Posted on: Monday, November 30, 2009

Diagnostic exam also tough to swallow

By David Shapiro

I've always had trouble swallowing stuff, which is probably one reason I chose the profession I did.

But occasionally the problem becomes more literal than figurative, and I've had to consult medical professionals about little pieces of food feeling stuck in my throat.

The first specialist said he'd put a tiny camera in my throat to look around. He didn't tell me he intended to get there via my right nostril.

Without warning, he stuck a long fiber-optic probe up my nose and after a few loops to avoid piercing my brain, I could feel it poking around my tonsils.

It was so unexpected and unpleasant that I reflexively had my fist half-cocked to punch the guy before the nurse took my hand. The thing felt even worse coming out than going in and failed to identify the problem.

I was wise to the next doctor who tried to perform the procedure and told him he'd have to make do with a tongue depressor and flashlight.

To prove how painless it could be under his deft touch, he stuck one of the things part way up his own nose. When he withdrew it, he pulled out a string of snot that must have stretched a foot long before it collapsed onto his shirt.

"I'm sorry you had to see that," he said as he cleaned up the mess with a fistful of tissues. That made two of us.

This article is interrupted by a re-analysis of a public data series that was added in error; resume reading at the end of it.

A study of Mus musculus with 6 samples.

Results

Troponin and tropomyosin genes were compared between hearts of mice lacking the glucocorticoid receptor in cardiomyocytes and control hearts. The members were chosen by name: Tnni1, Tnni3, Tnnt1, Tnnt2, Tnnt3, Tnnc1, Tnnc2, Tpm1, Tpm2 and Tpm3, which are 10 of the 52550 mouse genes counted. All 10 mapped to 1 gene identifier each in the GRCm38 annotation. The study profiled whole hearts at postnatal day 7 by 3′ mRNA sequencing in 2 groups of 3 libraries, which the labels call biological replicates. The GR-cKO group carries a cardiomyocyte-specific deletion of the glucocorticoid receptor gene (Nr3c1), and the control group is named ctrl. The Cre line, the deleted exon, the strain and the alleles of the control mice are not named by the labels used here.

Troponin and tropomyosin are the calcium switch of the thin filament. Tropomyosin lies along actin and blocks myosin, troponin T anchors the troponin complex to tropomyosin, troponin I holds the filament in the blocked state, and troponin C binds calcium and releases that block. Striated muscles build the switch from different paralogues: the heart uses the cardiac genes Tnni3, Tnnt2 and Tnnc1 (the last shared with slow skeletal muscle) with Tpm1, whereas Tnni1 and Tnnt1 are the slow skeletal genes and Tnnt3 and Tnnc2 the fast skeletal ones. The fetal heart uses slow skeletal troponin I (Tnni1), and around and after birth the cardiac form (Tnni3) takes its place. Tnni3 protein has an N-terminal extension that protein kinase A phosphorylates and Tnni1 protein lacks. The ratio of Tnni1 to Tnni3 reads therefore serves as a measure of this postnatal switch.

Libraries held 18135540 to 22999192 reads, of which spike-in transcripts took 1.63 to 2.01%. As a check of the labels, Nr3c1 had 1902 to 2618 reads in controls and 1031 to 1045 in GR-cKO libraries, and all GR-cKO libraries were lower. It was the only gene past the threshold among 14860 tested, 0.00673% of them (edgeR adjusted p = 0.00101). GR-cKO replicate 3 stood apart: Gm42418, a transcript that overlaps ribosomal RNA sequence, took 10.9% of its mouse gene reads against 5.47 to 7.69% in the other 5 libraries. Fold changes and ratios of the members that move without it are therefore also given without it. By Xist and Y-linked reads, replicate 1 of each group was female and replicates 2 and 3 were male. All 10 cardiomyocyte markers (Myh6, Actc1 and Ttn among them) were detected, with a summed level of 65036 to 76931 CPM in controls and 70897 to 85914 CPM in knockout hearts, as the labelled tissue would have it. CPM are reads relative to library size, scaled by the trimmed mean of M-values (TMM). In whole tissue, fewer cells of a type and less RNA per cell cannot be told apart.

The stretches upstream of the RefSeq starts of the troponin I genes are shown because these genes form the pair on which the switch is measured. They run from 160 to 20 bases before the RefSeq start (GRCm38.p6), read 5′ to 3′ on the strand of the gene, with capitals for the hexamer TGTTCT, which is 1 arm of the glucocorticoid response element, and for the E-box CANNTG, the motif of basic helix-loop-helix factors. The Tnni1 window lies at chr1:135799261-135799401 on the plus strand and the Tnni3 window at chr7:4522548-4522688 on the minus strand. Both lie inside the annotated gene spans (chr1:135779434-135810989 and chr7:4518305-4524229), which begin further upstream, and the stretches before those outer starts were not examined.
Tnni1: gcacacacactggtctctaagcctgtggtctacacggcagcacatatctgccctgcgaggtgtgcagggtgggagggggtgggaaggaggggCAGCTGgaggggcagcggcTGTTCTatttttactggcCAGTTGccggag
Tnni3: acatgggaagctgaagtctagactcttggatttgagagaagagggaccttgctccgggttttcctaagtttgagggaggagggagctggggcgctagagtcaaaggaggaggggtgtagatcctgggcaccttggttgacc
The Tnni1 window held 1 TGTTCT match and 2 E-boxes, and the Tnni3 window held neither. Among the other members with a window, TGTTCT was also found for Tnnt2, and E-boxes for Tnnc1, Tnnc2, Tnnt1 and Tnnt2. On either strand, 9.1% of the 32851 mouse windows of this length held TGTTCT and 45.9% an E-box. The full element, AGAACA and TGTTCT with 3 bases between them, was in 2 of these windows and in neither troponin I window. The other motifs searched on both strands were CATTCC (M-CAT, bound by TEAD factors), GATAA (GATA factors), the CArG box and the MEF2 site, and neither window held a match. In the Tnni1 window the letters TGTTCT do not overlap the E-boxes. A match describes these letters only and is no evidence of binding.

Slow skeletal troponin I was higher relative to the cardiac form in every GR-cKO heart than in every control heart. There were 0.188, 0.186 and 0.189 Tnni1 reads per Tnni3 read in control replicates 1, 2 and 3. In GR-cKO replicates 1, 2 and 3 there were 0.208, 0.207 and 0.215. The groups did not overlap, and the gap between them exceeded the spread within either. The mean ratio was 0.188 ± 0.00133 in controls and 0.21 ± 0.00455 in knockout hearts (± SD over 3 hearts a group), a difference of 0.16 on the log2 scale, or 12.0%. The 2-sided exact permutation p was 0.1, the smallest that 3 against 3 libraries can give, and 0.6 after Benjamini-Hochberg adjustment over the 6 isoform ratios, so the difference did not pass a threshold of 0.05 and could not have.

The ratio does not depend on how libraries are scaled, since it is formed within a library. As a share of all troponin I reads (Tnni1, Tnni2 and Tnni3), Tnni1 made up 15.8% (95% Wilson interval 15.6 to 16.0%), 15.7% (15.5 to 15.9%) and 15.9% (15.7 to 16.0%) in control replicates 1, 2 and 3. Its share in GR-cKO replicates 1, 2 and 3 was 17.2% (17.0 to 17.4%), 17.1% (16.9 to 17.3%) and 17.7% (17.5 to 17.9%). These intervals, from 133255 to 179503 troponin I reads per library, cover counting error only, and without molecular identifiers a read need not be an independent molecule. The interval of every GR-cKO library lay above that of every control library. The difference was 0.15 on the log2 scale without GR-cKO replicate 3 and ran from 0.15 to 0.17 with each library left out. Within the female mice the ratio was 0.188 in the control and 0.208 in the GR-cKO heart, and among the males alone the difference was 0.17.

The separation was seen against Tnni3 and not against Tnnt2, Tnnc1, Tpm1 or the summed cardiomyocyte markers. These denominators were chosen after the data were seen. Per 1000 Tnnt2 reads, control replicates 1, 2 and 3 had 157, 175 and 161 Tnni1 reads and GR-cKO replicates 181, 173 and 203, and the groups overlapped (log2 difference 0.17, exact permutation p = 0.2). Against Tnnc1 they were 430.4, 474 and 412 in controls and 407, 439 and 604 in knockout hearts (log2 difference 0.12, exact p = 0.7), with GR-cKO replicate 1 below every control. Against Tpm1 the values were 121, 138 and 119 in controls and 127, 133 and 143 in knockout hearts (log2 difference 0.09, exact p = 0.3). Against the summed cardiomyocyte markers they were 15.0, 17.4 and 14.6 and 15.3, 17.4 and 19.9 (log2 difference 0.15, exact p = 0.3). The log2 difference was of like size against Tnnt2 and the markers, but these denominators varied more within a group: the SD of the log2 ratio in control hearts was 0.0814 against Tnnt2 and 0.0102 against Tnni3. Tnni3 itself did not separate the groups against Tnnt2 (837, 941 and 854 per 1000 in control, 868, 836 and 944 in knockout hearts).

With the cause of the stickage still undetected, they brought out the heavy artillery of throat exams a barium swallow.

This involved placing me next to a fluoroscopic device that took a live X-ray as they plied me with food laced with a radioactive substance that allowed a doctor to watch its passage through my upper GI tract on a TV monitor.

He saw no cause for concern and a therapist wheeled over the TV to show me an instant replay. As I watched my skull chomp on glowing gobs and send them bouncing down my skeletal gullet, I felt like I was in one of those commercials to scare kids off crystal meth. "I'm not going to end up like that guy."

But who knew there was such a strong jawline under all those chins?

"Maybe your throat is just too sensitive," the therapist said.

That would give it a lot in common with some of the public officials I write about, but I'd better watch what I say; someday, I may need one of them to give me the Heimlich maneuver.